City 2.0: Using tech building blocks in tomorrow's urban centers

It's closer than you may think and is mostly a matter of connecting all the pieces


"Wi-Fi was never intended to support a wide area; it is really for inside buildings," he says. Sweeney gave a future city scenario where cars report their fuel tank levels over WiMax, gas stations bid on the cost of fuel, and an electric car communicates with a smart grid about its energy usage -- whether an alternative route would save on power used.

Sustainable data center

Sustainability is a key part of future cities. The idea is that a highly efficient, well-monitored and "green" data center could allow a city to realize major energy-savings benefits. It would also lead to being able to use data centers for most city services, not just for computing. For example, a single city data center could provide services for government and monitor automobile traffic in city streets. Today, these functions are wildly disparate and difficult to consolidate.

According to Enderle, most city services are not connected to each other today, but some individual components such as electrical usage in government buildings already have the sensors required for monitoring city services. At some point in the next 10 years, cities will need to decide when patching an aging infrastructure no longer makes sense and will instead start using more modern technology, Enderle says. In a sustainable data center model, city services could be part of a vast "network of networks" that monitors real-time power, water, wireless and data usage for all citizens.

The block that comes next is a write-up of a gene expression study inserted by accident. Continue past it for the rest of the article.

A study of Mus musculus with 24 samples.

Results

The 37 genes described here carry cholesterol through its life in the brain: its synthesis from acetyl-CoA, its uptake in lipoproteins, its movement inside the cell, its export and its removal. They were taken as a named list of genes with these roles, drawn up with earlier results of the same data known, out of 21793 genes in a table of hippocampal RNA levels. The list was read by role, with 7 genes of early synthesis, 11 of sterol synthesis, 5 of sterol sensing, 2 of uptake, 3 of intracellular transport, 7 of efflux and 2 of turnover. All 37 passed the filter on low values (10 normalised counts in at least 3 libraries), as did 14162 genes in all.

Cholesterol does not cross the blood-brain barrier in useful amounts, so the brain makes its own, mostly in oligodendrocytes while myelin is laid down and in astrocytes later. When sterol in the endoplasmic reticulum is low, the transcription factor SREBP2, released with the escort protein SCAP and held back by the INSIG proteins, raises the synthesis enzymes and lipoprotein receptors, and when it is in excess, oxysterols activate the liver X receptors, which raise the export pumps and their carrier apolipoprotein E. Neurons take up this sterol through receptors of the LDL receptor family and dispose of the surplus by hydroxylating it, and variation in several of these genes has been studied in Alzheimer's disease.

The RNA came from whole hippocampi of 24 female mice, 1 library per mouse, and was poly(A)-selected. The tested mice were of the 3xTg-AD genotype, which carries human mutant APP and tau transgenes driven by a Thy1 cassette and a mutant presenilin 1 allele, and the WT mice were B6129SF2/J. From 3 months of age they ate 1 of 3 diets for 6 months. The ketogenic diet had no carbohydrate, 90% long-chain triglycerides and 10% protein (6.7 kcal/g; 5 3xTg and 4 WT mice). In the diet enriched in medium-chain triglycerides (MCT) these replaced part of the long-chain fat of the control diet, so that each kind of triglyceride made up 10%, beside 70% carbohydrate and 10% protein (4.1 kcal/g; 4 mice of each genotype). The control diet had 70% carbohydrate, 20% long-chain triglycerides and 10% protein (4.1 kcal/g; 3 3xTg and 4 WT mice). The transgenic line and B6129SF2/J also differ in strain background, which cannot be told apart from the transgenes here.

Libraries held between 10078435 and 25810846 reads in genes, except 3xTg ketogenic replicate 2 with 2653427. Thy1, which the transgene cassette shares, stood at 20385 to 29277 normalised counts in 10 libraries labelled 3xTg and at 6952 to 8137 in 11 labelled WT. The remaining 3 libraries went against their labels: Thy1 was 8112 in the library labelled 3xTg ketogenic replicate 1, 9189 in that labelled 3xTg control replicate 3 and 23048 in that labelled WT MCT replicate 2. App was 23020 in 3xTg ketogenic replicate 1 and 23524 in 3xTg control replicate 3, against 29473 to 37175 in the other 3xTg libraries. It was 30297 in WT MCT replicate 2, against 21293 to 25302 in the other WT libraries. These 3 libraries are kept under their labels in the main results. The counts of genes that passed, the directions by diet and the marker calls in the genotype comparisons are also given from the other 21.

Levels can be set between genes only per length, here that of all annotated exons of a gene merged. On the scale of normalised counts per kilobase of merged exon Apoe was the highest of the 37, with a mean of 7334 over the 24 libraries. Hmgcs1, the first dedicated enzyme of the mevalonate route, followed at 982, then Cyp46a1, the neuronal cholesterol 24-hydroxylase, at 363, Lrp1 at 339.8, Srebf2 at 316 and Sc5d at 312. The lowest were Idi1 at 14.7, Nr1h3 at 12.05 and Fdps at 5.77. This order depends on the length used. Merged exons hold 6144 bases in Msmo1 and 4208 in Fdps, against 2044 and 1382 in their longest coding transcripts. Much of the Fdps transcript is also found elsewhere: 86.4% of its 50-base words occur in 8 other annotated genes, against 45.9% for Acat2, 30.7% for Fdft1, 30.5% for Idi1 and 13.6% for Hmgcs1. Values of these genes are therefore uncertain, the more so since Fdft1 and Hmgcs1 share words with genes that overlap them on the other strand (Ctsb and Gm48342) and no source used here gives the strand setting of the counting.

One example of how this sustainability could be tied to city services is at Thomson Reuters, a news and information gathering service that operates 100,000 square feet of multiple data centers for the global legal businesses of Thomson Reuters, including Westlaw databases, in Eagan, Minn. Rick King, the global head of technology and operations, has designed operations with close ties to the local Dakota Electric utility.

Data center batteries
Row upon row of batteries at the Thomson Reuters data centers provide power back-up and can run the data center for about 15 minutes.

There are more than 900 batteries, four diesel generators and two fuel tanks in each of the three data centers on the Eagan campus. The company uses the batteries for short bursts (about 15 minutes) of backup power and can use its generators for a day or two as needed, allowing the local utility to sell the unused power.

Enterprise IT today serves as an excellent example of how future cities could operate. Thomson Reuters monitors 15,000 IT assets such as servers and storage arrays in real time in a central operations center, and the power usage is controlled automatically -- when the diesel generators are needed, they start up on their own. Extending this model to a city could mean that power companies are highly connected, and home owners could even see their own usage at the individual appliance level to be able to adjust usage patterns, tying back into the notion of the previously mentioned smart grid.